It’s not entirely unimaginable that a horror film would take on many of its elements through an action film lens. This especially goes for Better Noise Films’s latest Arrow Video FrightFest rollout, The Retaliators, written by brothers Darren and Jeff Geare; The providence of there being a scene early in the film where our protagonist, John Bishop (Michael Lombardi) alludes to action heroes being unpragmatic when talking to his daughters following an incident with an unruly character while buying a Christmas tree, rose interest on my end, while certainly it not being the only time a film’s script invoked this kind of mild self-awareness.
Nevertheless, what you get in the latest directorial feat from co-helmers Bridget Smith and Samuel Gonzalez Jr., is a film that inevitably speaks to the portion of the Taken crowd that’s also seen its fair share of Kim Jee-woon (I Saw The Devil) and Sam Raimi (The Evil Dead) thrillers, and assortments of elevated horror therein, topped with sprinkles of heavy metal music fandom to illuminate the narrative. Even more intriguing is the tragic real-life story that occured in 2004, and its chosen service to inspire the Geare brothers to tell a story that compels both with escapist thrills, and a tangible and chilling spotlight on unhealed trauma.
Such is the fitting attribution for a lead character in the aforementioned Bishop, a devout pastor and father to two children, whose life is suddenly upended by the death of his oldest daughter, Sarah (Katie Kelly). Just several degrees of seperation from this arc is a local a crimeboss named Otto (Robert Knepper), working to maintain a truce between motorcycle gangs while in search for the murderous brother of one of their own who’s since gone missing along with a sack of drugs and a bag full of cash. With Bishop visibly struggling to cope and eager to find Sarah’s killer, an affable and bearded fellow by the name of Jed emerges to make Bishop an offer that he couldn’t possibly refuse. It’s an offer that will ultimately push Bishop to the edge of his own moral compass and force him to make life-and-death choices that could also mean betraying his very faith, or embracing his newfound sense of worth and redemption.
With the kind of story The Retaliators is, it arguably sets an interesting extension to discussions about the Bible and matters of interpretation therein; The film starts off with a bleak, sweeping drone shot over a dark, wooded area, and Bishop’s voice lamenting on questions of sin, and when exactly do they turn a good man “bad”. The blurred line that discerns good from evil stands dead center in The Retaliators, as we watch Bishop descend into spates of madness midway in the film, unable to connect with his youngest daughter and eventually cornered into confronting his own hideousness later on in the film.
The most interesting character to follow from this point on is the role of Jed, played by Marc Menchaca who also turned heads last year as the scene-stealing, maniacal kidnapper who squares off with his captive in John Hyams’s Alone. Again, Menchaca is handed a role that appears friendly and approachable enough to not warrant too many questions, at least until the menacing begins and you see how it connects to the morbid, horrific twist that culminates Bishop’s arc going into the finale.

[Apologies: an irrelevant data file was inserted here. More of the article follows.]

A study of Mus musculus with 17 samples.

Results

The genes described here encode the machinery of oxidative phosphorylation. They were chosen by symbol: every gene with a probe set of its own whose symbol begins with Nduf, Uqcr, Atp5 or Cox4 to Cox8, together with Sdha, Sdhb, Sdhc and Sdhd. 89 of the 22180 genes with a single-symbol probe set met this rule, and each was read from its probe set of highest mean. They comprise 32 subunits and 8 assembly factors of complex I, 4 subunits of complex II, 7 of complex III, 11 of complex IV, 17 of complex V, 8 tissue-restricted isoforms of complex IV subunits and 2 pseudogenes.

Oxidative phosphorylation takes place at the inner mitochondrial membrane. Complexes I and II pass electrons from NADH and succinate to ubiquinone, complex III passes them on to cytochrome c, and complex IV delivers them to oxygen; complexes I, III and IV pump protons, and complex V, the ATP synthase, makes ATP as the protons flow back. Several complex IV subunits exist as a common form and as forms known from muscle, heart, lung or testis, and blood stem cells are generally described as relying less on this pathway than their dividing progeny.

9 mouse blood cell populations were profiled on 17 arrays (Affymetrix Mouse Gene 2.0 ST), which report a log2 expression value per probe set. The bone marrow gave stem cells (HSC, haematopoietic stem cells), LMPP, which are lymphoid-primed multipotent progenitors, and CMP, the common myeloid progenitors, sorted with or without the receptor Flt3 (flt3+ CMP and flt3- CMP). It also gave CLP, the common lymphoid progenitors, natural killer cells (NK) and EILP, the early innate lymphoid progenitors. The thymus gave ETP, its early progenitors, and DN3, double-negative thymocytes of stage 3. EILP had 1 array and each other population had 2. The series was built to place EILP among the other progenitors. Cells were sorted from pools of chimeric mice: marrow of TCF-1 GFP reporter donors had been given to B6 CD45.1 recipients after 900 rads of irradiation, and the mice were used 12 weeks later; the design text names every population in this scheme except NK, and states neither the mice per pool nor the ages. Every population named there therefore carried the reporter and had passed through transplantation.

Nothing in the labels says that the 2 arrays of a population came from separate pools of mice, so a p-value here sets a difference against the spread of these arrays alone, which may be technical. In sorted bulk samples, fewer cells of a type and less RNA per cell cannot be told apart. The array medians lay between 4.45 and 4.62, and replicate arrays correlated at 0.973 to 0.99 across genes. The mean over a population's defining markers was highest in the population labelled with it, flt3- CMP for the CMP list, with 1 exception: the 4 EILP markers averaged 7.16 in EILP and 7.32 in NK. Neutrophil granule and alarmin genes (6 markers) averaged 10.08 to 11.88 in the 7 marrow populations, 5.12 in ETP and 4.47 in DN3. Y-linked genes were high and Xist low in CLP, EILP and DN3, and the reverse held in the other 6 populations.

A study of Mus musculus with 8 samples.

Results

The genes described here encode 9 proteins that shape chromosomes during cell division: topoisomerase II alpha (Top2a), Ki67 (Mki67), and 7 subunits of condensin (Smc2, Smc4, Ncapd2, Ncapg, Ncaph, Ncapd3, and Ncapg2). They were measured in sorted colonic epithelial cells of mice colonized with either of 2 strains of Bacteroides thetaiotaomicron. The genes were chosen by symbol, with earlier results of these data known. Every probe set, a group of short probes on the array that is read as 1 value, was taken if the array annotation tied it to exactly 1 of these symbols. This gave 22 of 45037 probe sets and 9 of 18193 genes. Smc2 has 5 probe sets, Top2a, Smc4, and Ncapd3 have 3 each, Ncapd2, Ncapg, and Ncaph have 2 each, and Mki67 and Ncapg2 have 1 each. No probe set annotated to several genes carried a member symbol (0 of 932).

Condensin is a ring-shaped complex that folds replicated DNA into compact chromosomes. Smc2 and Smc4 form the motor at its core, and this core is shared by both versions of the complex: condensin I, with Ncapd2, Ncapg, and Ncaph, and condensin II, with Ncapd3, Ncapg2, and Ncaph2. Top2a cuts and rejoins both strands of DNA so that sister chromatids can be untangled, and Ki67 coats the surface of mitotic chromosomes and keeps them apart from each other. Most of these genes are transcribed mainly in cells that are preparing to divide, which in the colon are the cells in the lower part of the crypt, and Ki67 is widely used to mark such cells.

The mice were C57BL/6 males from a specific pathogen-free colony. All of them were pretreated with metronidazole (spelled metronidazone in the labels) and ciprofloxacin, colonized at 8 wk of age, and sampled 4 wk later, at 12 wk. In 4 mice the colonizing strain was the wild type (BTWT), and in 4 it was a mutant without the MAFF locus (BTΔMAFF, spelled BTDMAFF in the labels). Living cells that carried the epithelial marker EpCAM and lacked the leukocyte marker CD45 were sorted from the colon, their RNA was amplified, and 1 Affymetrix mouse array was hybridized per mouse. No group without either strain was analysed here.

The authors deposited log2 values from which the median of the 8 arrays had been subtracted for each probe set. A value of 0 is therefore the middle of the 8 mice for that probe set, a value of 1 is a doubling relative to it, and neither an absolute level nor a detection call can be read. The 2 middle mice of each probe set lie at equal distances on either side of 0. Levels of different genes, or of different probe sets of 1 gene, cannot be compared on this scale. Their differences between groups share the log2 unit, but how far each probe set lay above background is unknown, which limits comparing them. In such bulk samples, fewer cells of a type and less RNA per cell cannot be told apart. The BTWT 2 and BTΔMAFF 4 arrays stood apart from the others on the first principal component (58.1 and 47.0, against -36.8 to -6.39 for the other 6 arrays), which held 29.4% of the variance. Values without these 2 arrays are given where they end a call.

Guaranteed, metalheads will get a little something out of seeing some of their musician faves in key co-starring roles, including Five Finger Death Punch’s Ivan Moody, and especially Papa Roach’s Jacoby Shaddix to name a few. The latter will surely turn heads as a key figure in how things come to a head between Bishop and Jed, topped off with a twist that sees our reluctant hero fending off a horde of feral, cannibalistic psychopaths, once caged only to be freed amidst the calamity of the final act, followed by a ferocious, mad killer named Ram, played by Joseph Gatt (Banshee, Z Nation).
Indeed, Smith and Gonzalez Jr. start things off with a suitably gory absurdity as a foreword to the story with a bit of shock value: There’s a beheading, and a man covered in blood as he tries to rescue a woman in what looks like the worst possible way you can imagine. It’s a silly, fun scene to kick off to as the film takes a while to get its pace going after that, although you’re definitely not in for a slog. Seething with intensity from a score by Kyle Dixon and Michael Stein to foundate the film’s pulsating soundtrack, and featuring stunt sequences by Seth Allyn Austin and Graham Hooper, and solid cast performances led by Lombardi and Menchaca to start, The Retaliators offers a pliable, introspective macabre revenge thriller – one that dares you to look yourself in the mirror and except who you are, regardless of your sins, or the faith you live by.
Considering the film’s attested inspiration, you have to commend the Geare sibs for challenging themselves to mitigate their pain as constructively as they have, having done so in a way that transcends healing as much as it elevates its intended genre. Gladly, we can refer back to their story in association with a happy ending, providing a certain leeway to flourish a project that puts a focus on the human condition, with an air of coolness that will have you feeling like the hero of your own story.